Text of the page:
EU referendum: More than 13,000 foreign criminals awaiting deportation from UK

The figure, which includes thousands of European citizens, reveals 'clear inefficiencies' in the process of sending foreign offenders back to EU member states

Charlie Cooper
Whitehall Correspondent
@charliecooper8
Friday 03 June 2016 07:56
The failure to remove a foreign criminal population "the size of a small town" could undermine public confidence in the UK’s EU membership
The failure to remove a foreign criminal population "the size of a small town" could undermine public confidence in the UK’s EU membership

More than 13,000 foreign criminals are awaiting deportation from the UK, including thousands of European citizens, according to a report by MPs, which warns that the failure to remove a population "the size of a small town" could undermine public confidence in the UK’s EU membership.

In findings that were immediately seized upon by Brexit campaigners, the Home Affairs Select Committee said that "clear inefficiencies" in the process of sending foreign national offenders (FNOs) back to fellow EU member states would lead people to "question the point of the UK remaining a member of the EU".

While the pace of removals has increased in recent years, committee chair Keith Vaz, who supports a Remain vote, said that the Home Office should have done better.

While the majority of FNOs in the UK are in prisons, nearly 6,000 were living in communities at the end of 2015, the report said. Of the predominant nationalities among FNOs, the top three were all EU countries: Poland, Ireland and Romania.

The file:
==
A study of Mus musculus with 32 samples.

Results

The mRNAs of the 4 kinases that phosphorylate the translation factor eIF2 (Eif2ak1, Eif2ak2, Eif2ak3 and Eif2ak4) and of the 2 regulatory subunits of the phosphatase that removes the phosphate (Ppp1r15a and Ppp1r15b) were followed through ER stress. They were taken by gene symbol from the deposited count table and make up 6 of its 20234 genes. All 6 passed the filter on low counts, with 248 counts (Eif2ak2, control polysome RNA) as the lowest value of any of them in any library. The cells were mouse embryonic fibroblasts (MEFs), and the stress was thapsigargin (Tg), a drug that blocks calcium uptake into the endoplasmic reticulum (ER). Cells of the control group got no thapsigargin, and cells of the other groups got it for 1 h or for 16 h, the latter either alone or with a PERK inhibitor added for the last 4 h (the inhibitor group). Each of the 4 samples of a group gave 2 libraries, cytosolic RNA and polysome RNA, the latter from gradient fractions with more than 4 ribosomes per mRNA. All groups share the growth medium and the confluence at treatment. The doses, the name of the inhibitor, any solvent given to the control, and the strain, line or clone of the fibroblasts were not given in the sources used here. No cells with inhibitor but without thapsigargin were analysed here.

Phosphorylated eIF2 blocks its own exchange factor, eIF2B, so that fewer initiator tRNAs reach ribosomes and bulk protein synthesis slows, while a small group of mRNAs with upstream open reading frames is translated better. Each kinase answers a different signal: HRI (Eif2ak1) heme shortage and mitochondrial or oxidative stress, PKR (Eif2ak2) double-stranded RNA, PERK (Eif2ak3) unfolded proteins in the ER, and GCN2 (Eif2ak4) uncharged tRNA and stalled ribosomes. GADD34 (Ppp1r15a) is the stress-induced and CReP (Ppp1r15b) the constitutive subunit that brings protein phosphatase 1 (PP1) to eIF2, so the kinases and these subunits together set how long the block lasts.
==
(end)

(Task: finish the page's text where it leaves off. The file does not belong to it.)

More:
Theresa May was "unconvincing in suggesting that remaining a member of the EU will make it easier to remove these individuals from the UK", the report said. But the Home Secretary hit back, saying that record numbers of foreign criminals were now being removed, and that our EU membership allowed vital criminal records sharing.

David Cameron has described the removal of foreign criminals as "fantastically difficult" but has accepted the Government’s performance could have been better.

Mr Vaz said the committee agreed with the Prime Minister’s assessment.

"There are 13,000 foreign national offenders in the country, who could fill towns the size of Louth in Lincolnshire, Beccles in Suffolk or Berwick-upon-Tweed in Northumberland, and almost 6,000 of these are living within communities," he said.

"The public would expect our membership of the EU to make it easier to deport European offenders, but this is clearly not the case, and we continue to keep thousands of these criminals at great and unnecessary expense. These failures are undermining confidence in the UK’s immigration system and in the UK’s EU membership."

The justice minister Dominic Raab, who is campaigning for Brexit, claimed that EU laws were making it harder to deport foreign criminals. "The EU is making us less safe," he said. "It also costs UK taxpayers huge sums of money to keep these people in our prisons rather than sending them home."

He pointed out that the Home Affairs Committee included prominent Remain campaigners such as Labour’s Chuka Umunna.

In evidence to MPs in May, the Prime Minister said the Government was trying to speed up the process of removing foreign offenders, but said that a lack of travel documentation, unresolved asylum claims and legal representations often stood in the way.

Responding to the report, Ms May said: "Foreign nationals who commit crimes here should be in no doubt of our determination to deport them. Last year we removed a record number of foreign national offenders from this country, including a record number of EU criminals. Being in the EU gives us access to criminal records sharing and prisoner transfer agreements which help us better identify people with criminal records and, allow us to send foreign criminals back to their home countries to serve their sentences."